The Orphan Master’s Son, set in North Korea, by Adam Johnson is a literary tale about identity and story. The setting, plot, and characters captivate on their own level to bring us a story we can relate to.
Most of the major characters are unnamed or given a pseudonym. The main character never knows his real name and, in the first part of the book, chooses his own from a list of martyrs. He picks Pak Jun Do and goes by Jun Do (John Doe).
Sun Moon is the actress whose picture Jun Do gets tattooed onto his chest so he wouldn’t be mistaken for a spy, but that is not her real name. It is given to her by the dictator Kim Il Sung who discovers her. Her children have names but never tell them because “[n]ames come and go. Names change. . . A name isn’t a person. . . It’s you that matter, not your names.”
In the second part of the book, Pak Jun Do takes on the identity of another man, Commander Ga, whom he may or may not have killed in self defense. He moves from being the one “steered by others” who is “trying to escape from their paths” to “a man who steps on the gas” when he puts on Commander Ga’s uniform, rides in his car, and moves into the house Ga had shared with the nation’s movie actress, Sun Moon.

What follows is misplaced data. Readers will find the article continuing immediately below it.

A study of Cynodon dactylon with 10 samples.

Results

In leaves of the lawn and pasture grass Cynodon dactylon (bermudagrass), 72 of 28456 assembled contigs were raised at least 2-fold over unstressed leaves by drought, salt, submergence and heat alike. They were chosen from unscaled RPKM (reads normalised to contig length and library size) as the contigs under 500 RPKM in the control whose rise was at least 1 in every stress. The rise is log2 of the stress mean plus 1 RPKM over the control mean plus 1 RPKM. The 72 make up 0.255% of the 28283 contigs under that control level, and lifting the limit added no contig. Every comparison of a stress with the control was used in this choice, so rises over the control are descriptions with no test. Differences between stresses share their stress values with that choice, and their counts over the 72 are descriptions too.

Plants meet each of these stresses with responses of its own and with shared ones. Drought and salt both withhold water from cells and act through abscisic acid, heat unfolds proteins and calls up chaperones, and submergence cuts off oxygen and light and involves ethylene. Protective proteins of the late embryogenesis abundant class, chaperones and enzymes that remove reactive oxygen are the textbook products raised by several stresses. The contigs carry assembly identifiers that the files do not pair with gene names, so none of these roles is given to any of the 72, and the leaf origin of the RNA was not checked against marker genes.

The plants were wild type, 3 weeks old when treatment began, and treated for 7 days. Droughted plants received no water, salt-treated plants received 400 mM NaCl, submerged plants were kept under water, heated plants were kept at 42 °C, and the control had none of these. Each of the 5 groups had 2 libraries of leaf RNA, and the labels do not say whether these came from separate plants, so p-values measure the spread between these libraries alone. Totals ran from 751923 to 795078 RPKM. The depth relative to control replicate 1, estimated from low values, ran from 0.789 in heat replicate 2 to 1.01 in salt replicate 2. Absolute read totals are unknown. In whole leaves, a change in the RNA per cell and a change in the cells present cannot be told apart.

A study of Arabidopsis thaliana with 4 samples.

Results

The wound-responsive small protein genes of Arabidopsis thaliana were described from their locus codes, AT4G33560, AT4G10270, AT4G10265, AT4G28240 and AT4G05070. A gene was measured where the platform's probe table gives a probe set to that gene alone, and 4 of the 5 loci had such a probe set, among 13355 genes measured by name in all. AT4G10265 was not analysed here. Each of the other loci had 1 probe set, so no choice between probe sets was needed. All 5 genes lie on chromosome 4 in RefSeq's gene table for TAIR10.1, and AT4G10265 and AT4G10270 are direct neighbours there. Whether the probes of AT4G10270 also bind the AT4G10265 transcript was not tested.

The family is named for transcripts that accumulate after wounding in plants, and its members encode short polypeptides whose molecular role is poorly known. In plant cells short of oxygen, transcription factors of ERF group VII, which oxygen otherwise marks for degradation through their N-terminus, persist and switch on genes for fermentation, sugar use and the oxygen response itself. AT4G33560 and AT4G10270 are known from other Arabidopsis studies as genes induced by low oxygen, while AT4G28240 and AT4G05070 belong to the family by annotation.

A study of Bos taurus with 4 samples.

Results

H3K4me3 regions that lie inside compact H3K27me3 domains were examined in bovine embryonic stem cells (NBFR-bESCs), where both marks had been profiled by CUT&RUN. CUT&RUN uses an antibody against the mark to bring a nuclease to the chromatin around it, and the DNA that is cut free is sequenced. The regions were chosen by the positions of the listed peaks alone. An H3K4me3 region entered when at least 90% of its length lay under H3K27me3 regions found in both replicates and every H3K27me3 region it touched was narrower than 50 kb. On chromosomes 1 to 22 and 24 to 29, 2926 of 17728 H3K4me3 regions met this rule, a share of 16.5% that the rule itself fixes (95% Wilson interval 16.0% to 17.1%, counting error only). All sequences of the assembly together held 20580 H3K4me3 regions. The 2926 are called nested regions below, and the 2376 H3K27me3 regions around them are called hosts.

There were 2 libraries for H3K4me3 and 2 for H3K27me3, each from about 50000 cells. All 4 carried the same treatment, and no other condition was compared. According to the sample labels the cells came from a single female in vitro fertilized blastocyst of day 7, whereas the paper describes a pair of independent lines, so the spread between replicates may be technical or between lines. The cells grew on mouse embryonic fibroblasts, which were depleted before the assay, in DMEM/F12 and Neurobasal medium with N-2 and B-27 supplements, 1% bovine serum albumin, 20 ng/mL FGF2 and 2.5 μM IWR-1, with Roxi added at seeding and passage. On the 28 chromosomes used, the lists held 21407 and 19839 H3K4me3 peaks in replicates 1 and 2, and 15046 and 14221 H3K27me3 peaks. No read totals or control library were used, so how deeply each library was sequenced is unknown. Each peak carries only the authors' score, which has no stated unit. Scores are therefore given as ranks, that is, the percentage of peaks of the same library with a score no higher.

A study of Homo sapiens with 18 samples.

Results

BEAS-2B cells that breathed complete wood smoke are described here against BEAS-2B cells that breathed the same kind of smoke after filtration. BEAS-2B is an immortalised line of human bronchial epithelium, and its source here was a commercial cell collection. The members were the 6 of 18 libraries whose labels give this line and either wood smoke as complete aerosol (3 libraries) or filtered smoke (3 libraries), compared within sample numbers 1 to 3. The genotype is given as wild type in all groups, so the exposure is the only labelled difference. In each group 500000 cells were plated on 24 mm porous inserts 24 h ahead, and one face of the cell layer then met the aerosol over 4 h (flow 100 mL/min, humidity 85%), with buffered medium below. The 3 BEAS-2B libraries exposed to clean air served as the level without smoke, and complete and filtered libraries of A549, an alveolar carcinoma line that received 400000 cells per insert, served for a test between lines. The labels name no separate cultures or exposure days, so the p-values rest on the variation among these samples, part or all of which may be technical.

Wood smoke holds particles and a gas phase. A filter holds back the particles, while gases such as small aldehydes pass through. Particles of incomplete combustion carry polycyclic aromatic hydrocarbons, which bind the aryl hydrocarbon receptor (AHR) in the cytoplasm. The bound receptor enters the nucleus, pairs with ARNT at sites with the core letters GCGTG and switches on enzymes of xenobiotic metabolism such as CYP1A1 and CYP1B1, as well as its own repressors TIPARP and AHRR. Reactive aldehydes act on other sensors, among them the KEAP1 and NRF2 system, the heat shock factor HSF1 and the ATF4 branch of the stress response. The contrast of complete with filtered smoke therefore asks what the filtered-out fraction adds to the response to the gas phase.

Story is the thread that stitches Jun Do’s narrative together. He is told early in the book that it doesn’t matter who you are in North Korea, all that matters is your story.
When Jun Do names the orphans (and himself), his choice is based on the martyr’s stories. With his kidnapper job, he hears a story (opera), and his spy job enables him to listen to the stories on the short-wave radio, his favorite part of his job.
Whenever a situation occurs that could prove dangerous, Jun Do and his fellow workers make up elaborate stories to share with the government agents who question them. The final part of the book is about an interrogator whose job is writing down people’s stories before erasing their memories with a special machine.
Madeleine L’Engle in her book Walking On Water states “to write a story is an act of Naming.” Jun Do starts out not knowing his real name, and, by the ending, he is back at that same place.
The government, in trying to extract his story from him, is unable to learn his identity. This powerful government which rules the lives of all its citizens is impotent.
At the end of The Orphan Master’s Son, Jun Do approaches his lack of name as a changed man.
He embraces this reality because he has written his own story of who he is.
Now he is his story. And he is named.